Often when I discuss the Electoral College with Americans who don't spend much time thinking about politics, they suggest, "it's been working for hundreds of years, so whatever problems it has are probably not so bad." This reflects a basic pattern in American society where we want the latest technology for our computers, televisions and cell phones but we complacently trudge along using archaic voting technology while ignoring the improvements that have occurred since the late 1700s. Defenders of the status quo start to perk up when I mention that the Electoral College makes it possible to capture the presidency by winning only eleven states and disregarding the rest of the country or that four times the presidential candidate that won the popular vote lost the election. When I remind them that no country uses the Electoral College model for electing a leader, they start wondering what aspects of the Electoral College are most problematic.

That is when I emphasize that, by design, the Electoral College fundamentally undermines the basic principle of one citizen-one vote mentioning democratic lowlights such as:

(1) States with smaller populations have far more representatives per population than states with larger populations. For example, residents of the three least-populated states -- Wyoming, Vermont, and North Dakota -- have one congressional representative for every 200,000 people, while those in the three states with the highest population -- California, Texas, and New York -- have only one congressional member for every 670,000 people. This representational inequality clearly gives citizens from small population states a much stronger voice per citizen than those residing in large states when it comes to electing the president (see graph).


(2) Forty-eight states allocate all of their Electors to one candidate (Maine and Nebraska use proportional representation). This state-level decision of how to allocate Electors produces the issue of swing-state distortion, where citizens in states that are relatively evenly split between the two parties have far more influence in selecting the president than citizens in states where a majority are clearly voting for one party. Moreover, citizens are often discouraged to vote in presidential elections if they know that the allocation of all of their state's electors is a foregone conclusion. Campaign activity exemplifies the implications of this all-or-nothing allocation issue and its egregious undermining of the principle of one citizen-one vote. Candidates rarely invest campaign funds in states that aren't "in play" -- i.e., states whose electoral votes are considered to be already won or lost based on large margins of victory in previous elections and on current polling. For example, in the 2008 presidential election, the campaign of then-candidate Barack Obama spent nearly $40 million on advertising in Pennsylvania, a swing state with twenty-one electoral votes, and about $25,000 in Illinois, with an equivalent number of electors. The Obama strategists knew that there was no reason to spend any time courting voters in his home state, Illinois, since he would clearly win the majority of Illinois's popular votes and all twenty-one of its electoral votes. Republican and third-party supporters in Illinois had no chance of having their voices heard and citizens living in Illinois were being told very clearly that they are much less important than those living in Pennsylvania.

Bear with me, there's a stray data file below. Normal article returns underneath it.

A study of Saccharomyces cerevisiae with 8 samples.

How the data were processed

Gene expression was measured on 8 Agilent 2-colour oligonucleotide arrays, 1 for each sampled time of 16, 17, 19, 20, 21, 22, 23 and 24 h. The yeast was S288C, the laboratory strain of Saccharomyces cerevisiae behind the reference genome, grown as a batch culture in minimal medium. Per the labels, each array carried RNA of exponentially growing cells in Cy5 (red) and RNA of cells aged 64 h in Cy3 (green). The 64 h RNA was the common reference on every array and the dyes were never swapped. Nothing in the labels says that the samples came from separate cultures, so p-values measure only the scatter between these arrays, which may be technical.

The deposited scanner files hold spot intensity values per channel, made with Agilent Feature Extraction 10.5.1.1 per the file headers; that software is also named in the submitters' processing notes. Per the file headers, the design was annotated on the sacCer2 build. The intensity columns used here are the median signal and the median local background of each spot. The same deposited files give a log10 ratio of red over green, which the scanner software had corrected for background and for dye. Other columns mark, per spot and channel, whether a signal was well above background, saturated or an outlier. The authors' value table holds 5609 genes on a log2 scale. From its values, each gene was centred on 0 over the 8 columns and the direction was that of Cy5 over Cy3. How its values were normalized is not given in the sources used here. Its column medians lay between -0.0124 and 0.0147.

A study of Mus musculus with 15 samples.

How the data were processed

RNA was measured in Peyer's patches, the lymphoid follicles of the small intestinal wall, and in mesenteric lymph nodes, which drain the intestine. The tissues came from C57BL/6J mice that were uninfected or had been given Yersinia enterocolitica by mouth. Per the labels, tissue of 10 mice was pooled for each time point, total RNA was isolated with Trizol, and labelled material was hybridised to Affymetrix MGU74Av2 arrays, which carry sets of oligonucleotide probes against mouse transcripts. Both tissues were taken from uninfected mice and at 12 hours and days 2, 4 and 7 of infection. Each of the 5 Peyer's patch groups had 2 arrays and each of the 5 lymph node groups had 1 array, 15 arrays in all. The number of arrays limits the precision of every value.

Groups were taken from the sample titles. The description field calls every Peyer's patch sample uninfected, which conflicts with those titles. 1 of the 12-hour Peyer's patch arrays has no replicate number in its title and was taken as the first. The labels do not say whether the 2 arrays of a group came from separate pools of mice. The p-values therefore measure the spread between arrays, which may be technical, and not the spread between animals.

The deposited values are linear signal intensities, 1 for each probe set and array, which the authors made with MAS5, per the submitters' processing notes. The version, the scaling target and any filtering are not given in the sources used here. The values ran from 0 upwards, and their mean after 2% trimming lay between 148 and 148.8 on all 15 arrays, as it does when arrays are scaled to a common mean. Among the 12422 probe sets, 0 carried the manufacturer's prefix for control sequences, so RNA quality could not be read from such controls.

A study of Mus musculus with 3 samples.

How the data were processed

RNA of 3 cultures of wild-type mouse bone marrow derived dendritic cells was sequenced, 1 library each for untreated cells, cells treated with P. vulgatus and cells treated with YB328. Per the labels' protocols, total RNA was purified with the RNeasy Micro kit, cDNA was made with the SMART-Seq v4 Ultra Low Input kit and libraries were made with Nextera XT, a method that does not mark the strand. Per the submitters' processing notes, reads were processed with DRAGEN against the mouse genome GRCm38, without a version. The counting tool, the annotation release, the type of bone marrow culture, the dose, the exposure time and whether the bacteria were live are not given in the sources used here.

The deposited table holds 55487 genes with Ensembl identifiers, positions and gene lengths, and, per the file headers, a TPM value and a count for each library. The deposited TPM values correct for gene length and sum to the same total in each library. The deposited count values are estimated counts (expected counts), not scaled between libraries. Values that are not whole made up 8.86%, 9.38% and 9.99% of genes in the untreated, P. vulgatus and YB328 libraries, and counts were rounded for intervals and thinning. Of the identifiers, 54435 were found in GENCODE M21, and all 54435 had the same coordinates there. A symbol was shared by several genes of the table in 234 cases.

(3) "Faithless" Electors: After all of the undermining of one citizen-one vote that we described above, there is still the issue that the Elector doesn't actually have to vote for whom they pledged. For example, in 2000, D.C. elector Barbara Lett-Simmons abstained rather than vote for Al Gore as she had pledged. Her feeble protest resulted in silencing the voices of thousands of D.C. residents.

Few Americans would contend today that if we were designing a system to elect a president from scratch, the Electoral College would be the optimal solution. Using the popular vote would be the most obvious choice and a majority of Americans support this change. it would be easy to implement since the popular vote is already counted and some variant of preferential voting could be introduced so that third-parties can have a stronger voice.

Yet, inertia is a powerful force and so I don't anticipate America discarding this system anytime soon. Until the time comes when America drops the Electoral College or there is sufficient support for the National Popular Vote Interstate Compact, all states should mirror the practice of Maine and Nebraska of allocating their electoral votes based on proportional representation. This corrects the current all-or-nothing system used in forty-eight of the fifty states and its resulting overweighting or underweighting of votes based on whether or not you live in a swing state. More importantly, it will force candidates to take the votes of every American seriously, not just that small percentage living in swing states. Unfortunately, self-interest often trumps what is most fair or appropriate. Consequently, it is unlikely that many other states will follow Maine and Nebraska's lead since proportional allocation diminishes the power of the majority party in the state and opens the opportunity for third parties to have a stronger voice (an action that leadership in both the Democratic and Republican parties wouldn't want).